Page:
APRA-AMCOS has joined forces with PPCA to launch OneMusic Australia. Launched on 1 July 2019, the initiative revolutionises music copyright licensing in Australia.
Music Copyright Basics
The use of musical works in Australia is protected under the Copyright Act 1968 (Cth).
For musical works - which can include the lyrics, melody and the musical notation or score - and sound recordings, copyright protection provides the owner with an exclusive legal right to reproduce the work and perform the work in public. Users of musical works, especially for commercial purposes, must obtain a licence or 'permission' from the copyright owner in order to legally use the work in Australia.
For example, if a cafe or shop wishes to play recorded music as background music for the enjoyment of customers, it must obtain a licence for each musical work that it plays.
Other common examples of commercial music use include using music while telephone customers are waiting on hold, or using music as part of performing services such as phyiscal training sessions, gym classes or dance studios.
If the music user is not properly licensed, there is a risk that they may be infringing copyright in the works, potentially exposing them to court action and liability. In October 2018, the proprietors of a Melbourne bar Hairy Little Sista were ordered to pay almost $200,000 for failing to obtain correct copyright licences for the music played at the venue. (The level of damages in that case were increased due to the circumstances of the case and the lack of cooperation of the proprietors).
A collection society is an organisation that exists to administer the process of licensing copyright works. Members of the collection societies (which include composers, songwriters, record labels and music publishers) authorise the collection society to grant licences and collect royalties on their behalf. The collection societies also take legal action to enforce the legal rights embodied in the copyright of the works they administer.
In Australia, the main collection societies for musical works are APRA-AMCOS (the Australasian Performing Right Association, merged with the Australian Mechancial Copyright Owners Society) and the PPCA (Phonographic Performance Company of Australia).
However, each collection society administers different components of the musical copyright. APRA-AMCOS generally administers copyright in the lyrics, melodies and musical notation, while PPCA administers copyright in the sound recordings of musical works. A user may need to obtain separate licences from both PPCA and APRA-AMCOS, depending on how they use the work. For example, live performance (such as a live band playing 'covers') may only require an APRA licence, while playing recorded music from a CD would usually require a PPCA licence.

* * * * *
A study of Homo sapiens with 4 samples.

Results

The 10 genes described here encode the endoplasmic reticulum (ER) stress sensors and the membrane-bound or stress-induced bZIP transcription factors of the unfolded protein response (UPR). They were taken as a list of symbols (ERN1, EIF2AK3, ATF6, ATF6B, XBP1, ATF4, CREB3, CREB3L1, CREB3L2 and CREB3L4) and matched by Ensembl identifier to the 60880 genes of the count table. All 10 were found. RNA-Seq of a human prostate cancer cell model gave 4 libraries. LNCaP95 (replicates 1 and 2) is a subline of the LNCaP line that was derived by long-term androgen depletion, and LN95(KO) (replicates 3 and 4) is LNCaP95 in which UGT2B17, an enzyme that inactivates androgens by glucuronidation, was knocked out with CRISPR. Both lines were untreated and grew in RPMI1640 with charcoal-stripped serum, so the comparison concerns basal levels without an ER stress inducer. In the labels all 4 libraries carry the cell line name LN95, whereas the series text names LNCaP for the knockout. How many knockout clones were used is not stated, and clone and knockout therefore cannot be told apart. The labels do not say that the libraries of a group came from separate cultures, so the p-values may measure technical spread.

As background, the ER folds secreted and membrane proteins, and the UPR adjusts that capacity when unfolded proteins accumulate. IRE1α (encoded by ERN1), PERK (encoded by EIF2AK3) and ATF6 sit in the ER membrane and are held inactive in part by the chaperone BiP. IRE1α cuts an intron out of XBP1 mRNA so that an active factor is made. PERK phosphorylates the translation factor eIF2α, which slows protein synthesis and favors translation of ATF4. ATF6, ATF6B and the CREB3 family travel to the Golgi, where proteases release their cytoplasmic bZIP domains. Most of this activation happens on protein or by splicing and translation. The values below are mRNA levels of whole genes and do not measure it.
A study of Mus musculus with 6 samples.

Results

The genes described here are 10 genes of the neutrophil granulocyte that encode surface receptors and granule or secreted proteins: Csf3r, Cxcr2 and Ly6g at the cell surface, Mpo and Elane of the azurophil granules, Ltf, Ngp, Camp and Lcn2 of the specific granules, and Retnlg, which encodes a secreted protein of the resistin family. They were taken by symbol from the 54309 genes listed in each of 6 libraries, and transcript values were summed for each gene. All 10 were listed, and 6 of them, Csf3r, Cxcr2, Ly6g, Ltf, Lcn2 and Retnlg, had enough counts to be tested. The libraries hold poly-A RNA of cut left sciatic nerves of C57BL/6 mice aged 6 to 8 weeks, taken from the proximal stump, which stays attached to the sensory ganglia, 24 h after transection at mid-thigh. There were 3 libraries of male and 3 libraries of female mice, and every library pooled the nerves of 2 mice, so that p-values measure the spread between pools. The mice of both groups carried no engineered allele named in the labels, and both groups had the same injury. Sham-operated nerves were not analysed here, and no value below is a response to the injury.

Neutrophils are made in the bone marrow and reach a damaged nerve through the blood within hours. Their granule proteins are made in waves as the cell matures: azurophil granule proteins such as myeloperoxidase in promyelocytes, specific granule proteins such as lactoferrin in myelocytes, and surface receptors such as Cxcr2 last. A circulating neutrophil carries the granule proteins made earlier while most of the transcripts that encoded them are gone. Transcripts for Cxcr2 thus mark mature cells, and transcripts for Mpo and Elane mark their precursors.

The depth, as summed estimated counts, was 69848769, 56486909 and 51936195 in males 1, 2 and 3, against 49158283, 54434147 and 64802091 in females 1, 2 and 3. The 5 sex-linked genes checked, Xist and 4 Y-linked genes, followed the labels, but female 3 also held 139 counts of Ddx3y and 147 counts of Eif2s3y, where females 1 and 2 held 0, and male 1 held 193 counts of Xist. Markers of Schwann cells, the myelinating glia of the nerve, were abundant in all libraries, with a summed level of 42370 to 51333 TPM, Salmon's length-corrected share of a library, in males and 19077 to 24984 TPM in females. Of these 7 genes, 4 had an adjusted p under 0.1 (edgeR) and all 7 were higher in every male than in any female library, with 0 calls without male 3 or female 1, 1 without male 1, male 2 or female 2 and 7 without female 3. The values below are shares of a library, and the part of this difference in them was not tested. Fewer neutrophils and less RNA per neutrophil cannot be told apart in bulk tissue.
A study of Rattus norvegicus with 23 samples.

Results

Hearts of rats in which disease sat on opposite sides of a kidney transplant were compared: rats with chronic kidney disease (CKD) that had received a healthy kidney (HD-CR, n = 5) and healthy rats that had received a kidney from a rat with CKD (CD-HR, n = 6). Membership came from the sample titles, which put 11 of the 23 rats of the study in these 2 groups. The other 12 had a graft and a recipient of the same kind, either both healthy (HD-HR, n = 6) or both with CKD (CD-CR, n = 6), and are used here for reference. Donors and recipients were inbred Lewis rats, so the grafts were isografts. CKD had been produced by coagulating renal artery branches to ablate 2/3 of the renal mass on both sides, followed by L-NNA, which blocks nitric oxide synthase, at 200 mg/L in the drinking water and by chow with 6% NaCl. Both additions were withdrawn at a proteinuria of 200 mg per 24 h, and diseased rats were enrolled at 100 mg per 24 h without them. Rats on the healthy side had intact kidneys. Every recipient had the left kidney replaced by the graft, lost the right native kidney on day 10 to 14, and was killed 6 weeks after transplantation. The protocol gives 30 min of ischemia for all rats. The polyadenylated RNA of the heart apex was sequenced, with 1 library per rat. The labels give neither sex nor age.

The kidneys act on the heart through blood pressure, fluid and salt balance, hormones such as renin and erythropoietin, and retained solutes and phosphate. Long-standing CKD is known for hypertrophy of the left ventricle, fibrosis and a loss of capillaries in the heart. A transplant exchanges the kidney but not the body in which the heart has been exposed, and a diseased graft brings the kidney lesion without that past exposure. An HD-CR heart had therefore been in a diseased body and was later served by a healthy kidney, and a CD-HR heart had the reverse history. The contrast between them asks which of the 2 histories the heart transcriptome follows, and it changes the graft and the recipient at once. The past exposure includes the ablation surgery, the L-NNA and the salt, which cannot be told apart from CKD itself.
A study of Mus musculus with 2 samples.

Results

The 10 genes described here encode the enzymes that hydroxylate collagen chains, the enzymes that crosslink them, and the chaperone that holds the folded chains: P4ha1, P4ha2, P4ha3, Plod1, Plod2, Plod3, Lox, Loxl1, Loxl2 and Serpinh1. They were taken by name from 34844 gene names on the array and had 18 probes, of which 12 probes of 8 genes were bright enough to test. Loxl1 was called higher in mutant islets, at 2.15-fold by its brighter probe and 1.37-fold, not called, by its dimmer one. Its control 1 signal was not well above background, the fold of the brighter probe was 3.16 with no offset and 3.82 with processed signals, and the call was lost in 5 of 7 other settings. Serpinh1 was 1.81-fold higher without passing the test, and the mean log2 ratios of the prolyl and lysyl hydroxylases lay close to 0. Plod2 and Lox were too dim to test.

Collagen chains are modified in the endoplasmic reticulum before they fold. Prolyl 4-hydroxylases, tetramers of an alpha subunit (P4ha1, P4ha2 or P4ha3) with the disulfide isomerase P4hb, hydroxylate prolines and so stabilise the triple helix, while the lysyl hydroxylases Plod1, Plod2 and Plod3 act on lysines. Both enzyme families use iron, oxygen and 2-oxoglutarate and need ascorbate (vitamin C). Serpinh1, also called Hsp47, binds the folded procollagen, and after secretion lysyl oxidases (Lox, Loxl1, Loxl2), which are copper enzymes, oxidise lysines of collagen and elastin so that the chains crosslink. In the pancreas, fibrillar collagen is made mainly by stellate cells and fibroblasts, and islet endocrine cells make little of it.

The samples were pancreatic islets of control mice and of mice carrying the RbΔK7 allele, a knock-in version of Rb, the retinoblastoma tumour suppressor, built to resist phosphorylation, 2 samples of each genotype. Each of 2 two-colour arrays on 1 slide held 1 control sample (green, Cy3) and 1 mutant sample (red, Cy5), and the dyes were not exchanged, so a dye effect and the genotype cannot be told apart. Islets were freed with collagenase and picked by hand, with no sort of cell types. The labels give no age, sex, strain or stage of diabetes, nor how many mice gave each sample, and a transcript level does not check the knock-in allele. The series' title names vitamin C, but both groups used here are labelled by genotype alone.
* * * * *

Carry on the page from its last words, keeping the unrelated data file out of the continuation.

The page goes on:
Speaking with The Industry Observer, APRA-AMCOS CEO Dean Ormiston acknowledged that the fragmented licensing process "could lead to a level of confusion and frustration from [music consumers]."
Enter OneMusic Australia
From 1 July 2019, the forces of APRA-AMCOS and the PPCA combine in a new joint venture, named OneMusic. OneMusic is intended to resolve the fragmentation by providing a single platform for music licensing requiements in Australia. Prior to launching in Australia, the OneMusic platform was piloted for a number of years in New Zealand.
The new OneMusic system is touted as a "win-win" for both consumers and owners of musical works, and is set to the reduce the administrative burdens for businesses trying to ensure they are correctly licensed by simplifying the licensing process and combining royalty fees for the necessary licences. For example, the OneMusic system offers 24 customised licence types tailored to specific industries and use cases - such as cinemas, clubs, karaoke and on-hold music.
More information about the new OneMusic licensing system can be obtained on the OneMusic Australia website. Existing PPCA and APRA licensees can also contact the respective collection societies for further guidance.
This post is intended for general information only and is not intended to constitute legal advice. You should obtain appropriate professional advice for your circumstances or contact us for further assistance.